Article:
Frank Preve Emailed Scott Rothstein: "I Can't Show Anyone That I Am a Complete Idiot"
This is one of those times when the documents speak for themselves; I could rewrite and paraphrase the claims made by the Securities and Exchange Commission, but that wouldn't be better for either of us.
The medium-sized version of the story is excerpts from the SEC complaint, presented here. The words are all verbatim, but the order of the excerpts has been changed.
Missing documents....these won't go away so someone needs to do them...........you are also holding up our audit because I can't show anyone that I am a complete idiot by sending out millions of dollars with nothing to show for it except some e-mails that say 'Hey, Guido, send me 5 Mill..........I have such a deal for you.'
Levin and Preve sold promissory notes and created a feeder fund to funnel investor capital to Rothstein, ultimately becoming his largest source of capital.
Beginning in 2005, Rothstein began offering others the opportunity to purchase purported legal settlements at a discount.
Contrary to Rothstein's representations, there never were any legal settlements and the plaintiffs and defendants did not exist.
Levin first met Rothstein in early 2007 and soon began to personally invest in his discounted legal settlements.
Within a few months, Levin had purchased approximately $1.7 million in settlements, but Rothstein's demand for settlement funding continued to grow. Levin accordingly began pursuing outside investors to look for other sources of capital. In December 2007, Levin, through Banyon 1030-32 [an LLC owned by Levin and his wife], started offering investors promissory notes with the stated purpose of purchasing discounted legal settlements from Rothstein.
The notes provided investors with scheduled payments at fixed interest rates ranging from 12% to 30% per year, with most ranging from 18% to 20%.
From at leasy July 2008, Preve, who primarily handled the day-to-day operation of the purchases, often purchased settlements from Rothstein prior to receiving confirmation that the settlement funds had been wired into an RRA trust account. Furthermore, as a matter of course, Preve purchased settlements from Rothstein without any executed documents.
Levin, as the managing member of Banyon 1030-32 and personal guarantor of all promissory notes issued, often dealt directly with Rothstein in connection with the purchase of the settlements. He knew or was reckless in not knowing Preve was not effectively implementing the procedural safeguards they had represented to investors.
Between December 2007 until Rothstein's Ponzi scheme collapsed in October 2009, Banyon ... raised more than $57 million from 90 investors.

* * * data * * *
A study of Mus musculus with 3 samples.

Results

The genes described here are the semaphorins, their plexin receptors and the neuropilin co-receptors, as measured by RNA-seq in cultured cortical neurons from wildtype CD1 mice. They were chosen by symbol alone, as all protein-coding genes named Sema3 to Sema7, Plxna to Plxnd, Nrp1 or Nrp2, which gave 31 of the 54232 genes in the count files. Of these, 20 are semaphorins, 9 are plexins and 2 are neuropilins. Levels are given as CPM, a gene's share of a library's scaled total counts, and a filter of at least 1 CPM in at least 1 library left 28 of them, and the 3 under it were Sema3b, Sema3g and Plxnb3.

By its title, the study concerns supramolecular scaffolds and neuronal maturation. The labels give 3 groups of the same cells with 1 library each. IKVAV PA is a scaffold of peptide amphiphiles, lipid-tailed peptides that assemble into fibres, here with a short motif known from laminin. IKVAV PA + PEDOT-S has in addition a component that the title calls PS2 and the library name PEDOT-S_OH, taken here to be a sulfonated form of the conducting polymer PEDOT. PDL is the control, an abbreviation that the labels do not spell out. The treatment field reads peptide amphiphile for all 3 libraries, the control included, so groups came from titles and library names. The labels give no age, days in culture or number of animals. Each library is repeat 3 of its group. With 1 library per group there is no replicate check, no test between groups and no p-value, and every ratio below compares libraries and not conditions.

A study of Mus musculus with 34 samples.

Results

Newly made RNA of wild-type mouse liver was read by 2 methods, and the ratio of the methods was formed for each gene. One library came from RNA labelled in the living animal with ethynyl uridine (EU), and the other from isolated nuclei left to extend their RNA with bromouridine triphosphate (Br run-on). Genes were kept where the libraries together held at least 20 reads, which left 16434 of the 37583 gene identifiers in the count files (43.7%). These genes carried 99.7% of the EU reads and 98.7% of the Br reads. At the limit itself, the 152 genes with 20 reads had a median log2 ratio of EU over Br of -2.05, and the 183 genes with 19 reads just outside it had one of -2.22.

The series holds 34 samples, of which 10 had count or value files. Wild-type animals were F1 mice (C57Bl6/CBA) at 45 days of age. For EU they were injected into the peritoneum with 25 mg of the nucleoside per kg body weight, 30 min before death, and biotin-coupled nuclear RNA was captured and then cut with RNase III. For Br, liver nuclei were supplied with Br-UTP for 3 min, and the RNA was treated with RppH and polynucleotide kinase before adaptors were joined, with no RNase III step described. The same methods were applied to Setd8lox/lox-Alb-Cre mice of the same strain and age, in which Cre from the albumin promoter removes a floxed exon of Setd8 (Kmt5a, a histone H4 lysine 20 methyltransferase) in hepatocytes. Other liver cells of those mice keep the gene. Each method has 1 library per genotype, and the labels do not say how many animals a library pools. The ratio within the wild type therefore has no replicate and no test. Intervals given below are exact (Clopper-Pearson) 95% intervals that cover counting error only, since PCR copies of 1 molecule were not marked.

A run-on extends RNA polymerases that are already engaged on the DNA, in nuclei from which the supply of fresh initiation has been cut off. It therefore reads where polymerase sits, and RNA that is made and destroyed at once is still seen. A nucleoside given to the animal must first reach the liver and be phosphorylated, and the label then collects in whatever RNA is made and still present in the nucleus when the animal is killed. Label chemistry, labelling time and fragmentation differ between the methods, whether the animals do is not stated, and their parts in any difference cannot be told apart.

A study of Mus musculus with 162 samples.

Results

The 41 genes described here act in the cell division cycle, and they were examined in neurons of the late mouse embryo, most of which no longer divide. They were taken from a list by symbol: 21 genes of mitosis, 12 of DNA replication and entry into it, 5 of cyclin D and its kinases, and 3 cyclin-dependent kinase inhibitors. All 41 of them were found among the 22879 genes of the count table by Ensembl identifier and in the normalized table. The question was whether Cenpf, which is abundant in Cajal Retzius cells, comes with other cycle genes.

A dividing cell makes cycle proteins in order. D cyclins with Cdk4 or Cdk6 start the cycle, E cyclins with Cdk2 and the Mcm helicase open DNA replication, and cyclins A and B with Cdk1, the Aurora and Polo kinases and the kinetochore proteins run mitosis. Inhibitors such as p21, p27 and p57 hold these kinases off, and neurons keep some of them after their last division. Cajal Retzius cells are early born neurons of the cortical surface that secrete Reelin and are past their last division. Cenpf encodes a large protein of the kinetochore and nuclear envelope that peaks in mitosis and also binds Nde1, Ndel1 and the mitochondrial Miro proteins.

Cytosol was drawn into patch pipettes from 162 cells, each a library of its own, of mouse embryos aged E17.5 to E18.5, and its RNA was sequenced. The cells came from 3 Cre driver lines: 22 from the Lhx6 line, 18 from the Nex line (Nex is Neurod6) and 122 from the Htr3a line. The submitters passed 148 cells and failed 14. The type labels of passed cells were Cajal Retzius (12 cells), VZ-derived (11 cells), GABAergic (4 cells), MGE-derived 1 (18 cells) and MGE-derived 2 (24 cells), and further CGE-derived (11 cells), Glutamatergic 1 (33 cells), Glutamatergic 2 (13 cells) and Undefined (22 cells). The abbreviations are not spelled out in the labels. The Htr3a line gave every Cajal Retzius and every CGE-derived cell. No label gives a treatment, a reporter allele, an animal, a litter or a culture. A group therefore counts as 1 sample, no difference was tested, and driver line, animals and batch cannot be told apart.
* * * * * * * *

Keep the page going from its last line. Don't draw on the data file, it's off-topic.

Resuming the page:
Levin and Preve also obtained additional financing to purchase Rothstein's settlements. Between April and November 2008, Levin, through separately created entities, entered into credit and security agreements with three New York based hedge funds. The hedge funds agreed to provide these associated Levin entities with lines of credit ... to purchase settlements from Rothstein.
In December 2008, Levin and Preve began purchasing fewer settlements from Rothstein because the hedge funds were not approving full use of the lines of credit.
Rothstein began to miss scheduled settlement payments to the associated Levin entities in early 2009.
Rothstein further told Levin and Preve their inability to provide him with settlement financing now caused him problems with the Florida Bar Association.
Rothstein claimed to have told the Florida Bar he would suspend payments out of the RRA trust accounts so the Bar would not take further action. The only way he could resume making payments, Rothstein said, was for Levin and Preve to provide him with approximately $100 million.
By mid April 2009, Rothstein had ceased payments on a majority of the settlements.
Levin's investment strategy had ground to a halt. Levin and Preve believed the only way to resume the investment strategy was to raise the additional $100 million Rothstein needed.
In 2009, they formed a private investment fund called Banyon Income Fund, LP that invested exclusively in Rothstein's settlements.
Levin and Preve failed to disclose that by the time the Banyon Income Fund offering began in May 2009, Rothstein had already ceased making payments on a majority of the settlements Levin and his entities had purchased.
Between May and October 2009, they together raised approximately $100 million for Banyon Income Fund from approximately 83 investors.
By the end of the third quarter of 2009, Banyon Income Fund had funded approximately $140 million in settlement purchases, including reinvested funds, but lacked documentation for approximately $40 million of those purchases.
The additional investments from Banyon Income Fund provided Rothstein with only a temporary reprieve.
By the end of October 2009, Rothstein's Ponzi scheme collapsed when he was no longer able to make any payments.
Banyon Income Fund was unable to meet its commitments to its investors and ceased to operate.
Banyon Income Fund investors had only received approximately $2 million in interest payments, and investors who purchased promissory notes from Banyon 1030-32 had lost approximately $40 million.